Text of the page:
Summer’s heat and humidity often percolate afternoon thunderstorms. Towering cumulus clouds billow like stacks of cotton balls, then unleash a rush of rain, wind and lightning from a darkened base.

But some things happened last Thursday to give the storms a different spin, quite literally.

For a couple of hours early Thursday evening — to the awe of local storm chasers and weather geeks who were able to observe — the skies along and just east of the Blue Ridge were adorned with swirling storm structures more associated with the Great Plains than Virginia.

Thankfully, there were no reports of major damage from the supercells, the scientific term for thunderstorms with a rotating updraft.

Mark Overbeck of Roanoke was positioned east of Roanoke near Goodview and followed a spiraling mesocyclone storm base as it moved southeast toward Smith Mountain Lake. The rotating, rain-free storm base built a few lowered bases, or wall clouds, and made a couple of attempts at a funnel, but the weak low-level shear and high cloud bases probably thwarted tornado development.

“I think what stood out to me the most, and what separated this from the majority of storms I have chased in Virginia, was both the size of the storm, and the visibility,” said Overbeck, a Virginia Tech meteorology graduate who was recently featured in The Washington Post’s “Capital Weather Gang” for this same storm.

Jamey Singleton, meteorologist at Franklin County’s Cable TV 12 and known to many for his past stints at WSLS (Channel 10) and WSET (Channel 13), picked a different storm to go after, driving toward one at Ferrum that for a while exhibited “frisbee stacks.”

“Usually I’m staring at a radar screen when storms are rotating,” Singleton said. “I’ve covered supercell storms and tornadoes for years from inside a studio, but recently, I’ve been trying to get outside more and refresh myself on cloud structures after seeing a presentation by Chris White in 2016.”

White is a Roanoke-based storm chaser who is often seen on WDBJ (Channel 7) and has tagged storms of note over much of Virginia. A frequent colleague of mine helping lead Virginia Tech storm chase trips in past years, White was headed to Richmond during Thursday’s supercell spree, preparing to give a storms presentation to children in Richmond.

Rotating storm cells are not as rare as you might think in our region, but most are short-lived, and even when they’re not, they don’t typically produce highly visible, long-lasting, high-based structure like Thursday’s storms did.

Thursday’s storms developed along an area of surface wind convergence, as easterly winds, augmented by the outflow of storms earlier in the day near Lynchburg, met westerly winds near the Blue Ridge.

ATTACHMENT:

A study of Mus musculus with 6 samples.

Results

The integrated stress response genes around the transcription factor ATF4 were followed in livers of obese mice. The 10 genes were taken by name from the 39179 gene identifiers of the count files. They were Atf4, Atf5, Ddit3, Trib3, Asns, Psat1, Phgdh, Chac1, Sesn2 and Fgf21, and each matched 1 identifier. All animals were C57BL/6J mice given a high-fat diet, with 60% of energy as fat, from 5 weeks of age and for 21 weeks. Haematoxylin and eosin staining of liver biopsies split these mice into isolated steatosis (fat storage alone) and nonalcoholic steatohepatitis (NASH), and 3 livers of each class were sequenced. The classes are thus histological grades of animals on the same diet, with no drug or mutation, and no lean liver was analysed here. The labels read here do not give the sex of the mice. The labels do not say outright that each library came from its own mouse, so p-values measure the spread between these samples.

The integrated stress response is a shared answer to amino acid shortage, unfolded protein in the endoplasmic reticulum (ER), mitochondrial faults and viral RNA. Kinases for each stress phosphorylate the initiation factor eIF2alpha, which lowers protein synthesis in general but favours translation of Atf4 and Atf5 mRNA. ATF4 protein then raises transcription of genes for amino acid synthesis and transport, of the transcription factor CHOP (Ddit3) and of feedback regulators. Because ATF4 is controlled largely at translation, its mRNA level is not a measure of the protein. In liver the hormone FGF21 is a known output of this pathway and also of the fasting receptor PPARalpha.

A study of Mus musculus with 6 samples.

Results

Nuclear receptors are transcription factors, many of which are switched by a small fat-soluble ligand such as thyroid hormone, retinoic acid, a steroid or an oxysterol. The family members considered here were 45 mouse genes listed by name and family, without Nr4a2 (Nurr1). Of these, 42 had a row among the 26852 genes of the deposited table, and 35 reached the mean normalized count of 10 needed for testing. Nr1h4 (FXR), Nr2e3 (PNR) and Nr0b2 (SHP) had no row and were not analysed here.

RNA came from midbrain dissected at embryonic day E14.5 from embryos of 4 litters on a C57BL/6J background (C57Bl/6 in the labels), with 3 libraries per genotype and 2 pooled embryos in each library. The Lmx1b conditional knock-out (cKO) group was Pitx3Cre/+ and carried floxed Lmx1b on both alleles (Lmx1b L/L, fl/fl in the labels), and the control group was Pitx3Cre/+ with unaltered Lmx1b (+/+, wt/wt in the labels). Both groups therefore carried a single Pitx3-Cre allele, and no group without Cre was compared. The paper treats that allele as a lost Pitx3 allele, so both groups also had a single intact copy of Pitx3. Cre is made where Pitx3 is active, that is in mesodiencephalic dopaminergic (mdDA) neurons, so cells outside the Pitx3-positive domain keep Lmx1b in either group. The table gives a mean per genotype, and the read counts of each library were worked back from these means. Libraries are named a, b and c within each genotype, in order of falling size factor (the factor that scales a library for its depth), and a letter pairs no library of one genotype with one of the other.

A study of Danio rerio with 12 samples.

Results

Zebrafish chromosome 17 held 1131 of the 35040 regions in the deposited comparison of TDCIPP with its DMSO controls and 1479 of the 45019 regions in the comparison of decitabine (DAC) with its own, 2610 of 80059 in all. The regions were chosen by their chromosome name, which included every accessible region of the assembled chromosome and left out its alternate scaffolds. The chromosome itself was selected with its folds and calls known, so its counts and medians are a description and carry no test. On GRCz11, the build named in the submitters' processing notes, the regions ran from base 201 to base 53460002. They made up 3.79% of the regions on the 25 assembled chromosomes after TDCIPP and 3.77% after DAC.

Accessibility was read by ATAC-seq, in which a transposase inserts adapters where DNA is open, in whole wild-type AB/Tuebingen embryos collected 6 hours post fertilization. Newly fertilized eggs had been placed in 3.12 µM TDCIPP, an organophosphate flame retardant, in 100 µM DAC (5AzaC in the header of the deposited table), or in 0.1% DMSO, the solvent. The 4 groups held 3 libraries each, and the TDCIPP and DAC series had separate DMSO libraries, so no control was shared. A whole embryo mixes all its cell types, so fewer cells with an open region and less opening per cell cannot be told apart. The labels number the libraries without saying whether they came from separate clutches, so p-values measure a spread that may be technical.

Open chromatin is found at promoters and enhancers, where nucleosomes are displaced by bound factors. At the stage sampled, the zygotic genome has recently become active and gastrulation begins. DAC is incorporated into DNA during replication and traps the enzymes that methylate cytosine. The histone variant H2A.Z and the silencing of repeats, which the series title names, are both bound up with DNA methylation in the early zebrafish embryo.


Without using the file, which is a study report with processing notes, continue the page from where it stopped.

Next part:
An outflow boundary sliding in from the north also contributed, particularly to the storm east of Roanoke, possibly providing a “triple-point” where wind fields from three directions met, giving the storm extra spin.

Another critical factor was strong winds high in the atmosphere that rapidly swept the cirrus anvil and much of the precipitation away from the updrafts, facilitating good ventilation that allowed the swirling updrafts to continue longer than typical and the resulting storm structure to remain visible.

Even when rotating thunderstorms do occur in our region, it is so often the case that winds are so light aloft that the precipitation either swirls tightly around the rotation, obscuring the visibility of any storm structure or lurking tornadoes, or the wet downdrafts extinguish the fire, so to speak, pouring right into the updrafts and washing them out.

“When seeing storm structure like I saw on Thursday, it’s normally a couple hundred feet off the ground, embedded in rain and low clouds,” Overbeck said. “This was different, and I think the likely culprit was the strength of the anvil-level winds.”

The storm structure was so crisp and separated from the downdrafts and rain that there was an unusual amount of visibility even from the back side as well, allowing me to capture one of my most prized photos in years of storm and cloud photography — a full vertical of a supercell storm structure with Roanoke’s tallest building, the Wells Fargo tower, in the foreground.

Peeking out a window at The Roanoke Times building during a night editor shift, I noticed some cloud lowerings and multi-layered structure between downtown buildings that made me think there might be something going on besides a typical summer “pop-up” pulse storm.

Then I saw Overbeck’s first tweet from east of Roanoke, which looked like something I’ve driven hundreds of miles trying to see in Kansas in years past, and I made a dash for a parking garage a couple of blocks away, running at times.

The rounded base of the mesocyclone obliged by wrapping up a little more and drifting southeast right into my view through the gap over the railroad track, and I had my shot.

I wasn’t the only one pleased with my catch.

“Seeing a supercell sitting within driving distance of my home was special,” Singleton said. “A lot of people don’t realize these things happen here and just drive by. It was a special day for sure. Nature gives us treats like this a lot, you just have to stop what you’re doing for a little bit and take notice. It’s worth it. I slept well that night.”

Weather Journal appears on Wednesdays.